My understanding is that mv dir1/file1 dir2/ is atomic,

Is mv dir1/* dir2/ also atomic?

As an example, assume there are 10 files in dir1 that are 10GB each.


Let's start with the statement that mv is not always atomic.

Let's also identify that atomicity refers to file contents, not to the file name.

For any individual file, the move or rename performed by mv is atomic provided that the file is moved within the same filesystem. The atomicity does not guarantee that the file is only in one place or another; it is quite possible that the file could be present in the filesystem in both places simultaneously for "a short time". What atomicity does guarantee, when offered, is that the file contents are instantaneously available completely and not partially. You can imagine that mv in such situations could have been implemented with ln followed by rm.

mv is most definitely not atomic when the move that it performs is from one filesystem to another, or when a remote filesystem cannot implement the mv operation locally. In these instances mv could be said to be implemented by the equivalent of a cp followed by rm.

Now, moving on to the question of atomicity across multiple files. mv is at best atomic only per file, so if you have a number of files to move together, the implementation is such that they will be moved one at a time. If you like, mv file1 dir; mv file2 dir; mv file3 dir.

If you really need a group of files to appear in a destination simultaneously, consider putting them in a directory and moving that directory. This single object (the directory) can be moved atomically.

  • Regarding single files, 1) Linux guarantees (man 2 rename), that if rename replaces an existing file, that "there is no point at which another process attempting to access newpath will find it missing". 2) POSIX mentiones atomicity only in the "informative" section "Rationale" - and not in an unambiguous way. I wasn't able to find anything else regarding atomicity of rename(2). – Zrin Oct 27 '16 at 15:04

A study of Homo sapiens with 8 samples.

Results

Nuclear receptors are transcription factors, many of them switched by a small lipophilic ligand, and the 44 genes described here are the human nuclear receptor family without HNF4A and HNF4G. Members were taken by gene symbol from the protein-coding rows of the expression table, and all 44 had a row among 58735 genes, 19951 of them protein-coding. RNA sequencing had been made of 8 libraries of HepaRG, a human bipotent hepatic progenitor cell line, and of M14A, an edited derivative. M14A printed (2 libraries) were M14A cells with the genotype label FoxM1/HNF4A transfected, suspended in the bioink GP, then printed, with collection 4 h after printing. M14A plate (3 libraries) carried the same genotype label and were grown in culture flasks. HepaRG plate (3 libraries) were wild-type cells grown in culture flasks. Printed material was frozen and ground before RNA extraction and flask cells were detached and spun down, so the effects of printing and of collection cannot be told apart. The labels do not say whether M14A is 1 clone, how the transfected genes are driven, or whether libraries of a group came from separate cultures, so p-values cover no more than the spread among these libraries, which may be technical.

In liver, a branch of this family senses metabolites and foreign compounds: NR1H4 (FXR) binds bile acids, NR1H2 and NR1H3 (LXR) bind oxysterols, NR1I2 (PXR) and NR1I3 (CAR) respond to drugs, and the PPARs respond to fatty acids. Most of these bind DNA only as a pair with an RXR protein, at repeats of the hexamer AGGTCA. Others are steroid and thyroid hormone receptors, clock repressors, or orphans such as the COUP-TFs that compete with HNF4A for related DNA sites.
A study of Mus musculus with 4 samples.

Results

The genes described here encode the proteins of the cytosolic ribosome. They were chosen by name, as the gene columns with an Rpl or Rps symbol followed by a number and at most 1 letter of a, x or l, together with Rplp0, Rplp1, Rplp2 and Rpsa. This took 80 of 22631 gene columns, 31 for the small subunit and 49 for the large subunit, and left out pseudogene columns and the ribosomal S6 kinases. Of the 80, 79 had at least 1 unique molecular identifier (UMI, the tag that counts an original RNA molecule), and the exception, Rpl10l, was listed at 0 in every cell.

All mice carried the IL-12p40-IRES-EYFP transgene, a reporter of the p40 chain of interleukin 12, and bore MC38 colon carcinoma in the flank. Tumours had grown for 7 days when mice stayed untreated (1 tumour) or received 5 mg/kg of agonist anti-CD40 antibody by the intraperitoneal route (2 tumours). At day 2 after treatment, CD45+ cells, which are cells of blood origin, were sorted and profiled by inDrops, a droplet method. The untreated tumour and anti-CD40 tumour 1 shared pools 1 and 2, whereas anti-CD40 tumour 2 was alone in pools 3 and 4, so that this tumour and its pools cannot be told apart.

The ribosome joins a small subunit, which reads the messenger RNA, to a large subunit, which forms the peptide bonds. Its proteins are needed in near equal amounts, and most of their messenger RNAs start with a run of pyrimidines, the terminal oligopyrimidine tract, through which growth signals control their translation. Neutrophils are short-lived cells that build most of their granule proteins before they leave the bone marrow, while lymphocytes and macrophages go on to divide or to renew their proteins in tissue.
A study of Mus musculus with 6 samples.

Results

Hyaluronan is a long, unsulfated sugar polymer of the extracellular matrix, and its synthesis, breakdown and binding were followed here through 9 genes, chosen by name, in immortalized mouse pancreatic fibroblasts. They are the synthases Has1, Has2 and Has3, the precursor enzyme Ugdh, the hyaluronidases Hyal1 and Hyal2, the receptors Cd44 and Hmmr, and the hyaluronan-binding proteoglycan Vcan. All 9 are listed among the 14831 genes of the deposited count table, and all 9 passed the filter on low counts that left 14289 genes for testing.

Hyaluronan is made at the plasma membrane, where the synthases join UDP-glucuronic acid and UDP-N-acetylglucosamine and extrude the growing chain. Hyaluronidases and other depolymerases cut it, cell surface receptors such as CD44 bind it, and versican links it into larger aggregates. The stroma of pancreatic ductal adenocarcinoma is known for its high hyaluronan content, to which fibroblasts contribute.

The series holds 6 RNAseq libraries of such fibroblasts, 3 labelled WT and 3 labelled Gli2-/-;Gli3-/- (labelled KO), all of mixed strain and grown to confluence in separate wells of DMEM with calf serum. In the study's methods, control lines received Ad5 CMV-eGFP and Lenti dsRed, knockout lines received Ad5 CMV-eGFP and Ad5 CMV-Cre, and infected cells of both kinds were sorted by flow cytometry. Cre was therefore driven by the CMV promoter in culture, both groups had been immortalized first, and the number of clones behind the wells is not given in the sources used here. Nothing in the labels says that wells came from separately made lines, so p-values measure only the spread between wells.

• @Zrin rename(2) is only a part of mv. The question relates to mv so that is what I've addressed. You're correct in saying that a rename(2) call that replaces an existing file will ensure that the target filename isn't ever missing, but I'm not sure that it's relevant to the question as asked. – roaima Oct 27 '16 at 16:45
  • @roaima my point is that rename(2) is the only part of mv that is (partially) atomic... – Zrin Nov 7 '16 at 7:05

No. mv dir1/* is the same as mv dir1/file1 && mv dir1/file2 && mv dir1/fileN. Each individual move is atomic, but not the full set.

  • Doesn't && means the first command must succeed in order for the second command to take place? So that would mean that if the first mv fails, it would stop. I think mv keeps attempting to move files. – Willem Van Onsem Mar 18 '15 at 1:46
  • @ThorbjørnRavnAndersen the underlying premise that mv is atomic is not necessarily true, and therefore the conclusion is also not always true. – roaima Feb 22 '17 at 18:20
  • @roaima Please feel free to elaborate. Perhaps even write a better answer. – Thorbjørn Ravn Andersen Feb 22 '17 at 20:07
  • @ThorbjørnRavnAndersen I have already done so. – roaima Feb 22 '17 at 21:08

Another case, a new file is added to dir1 after the mv has started.

As the “*” is expanded by the shell, mv will not even know about the new file.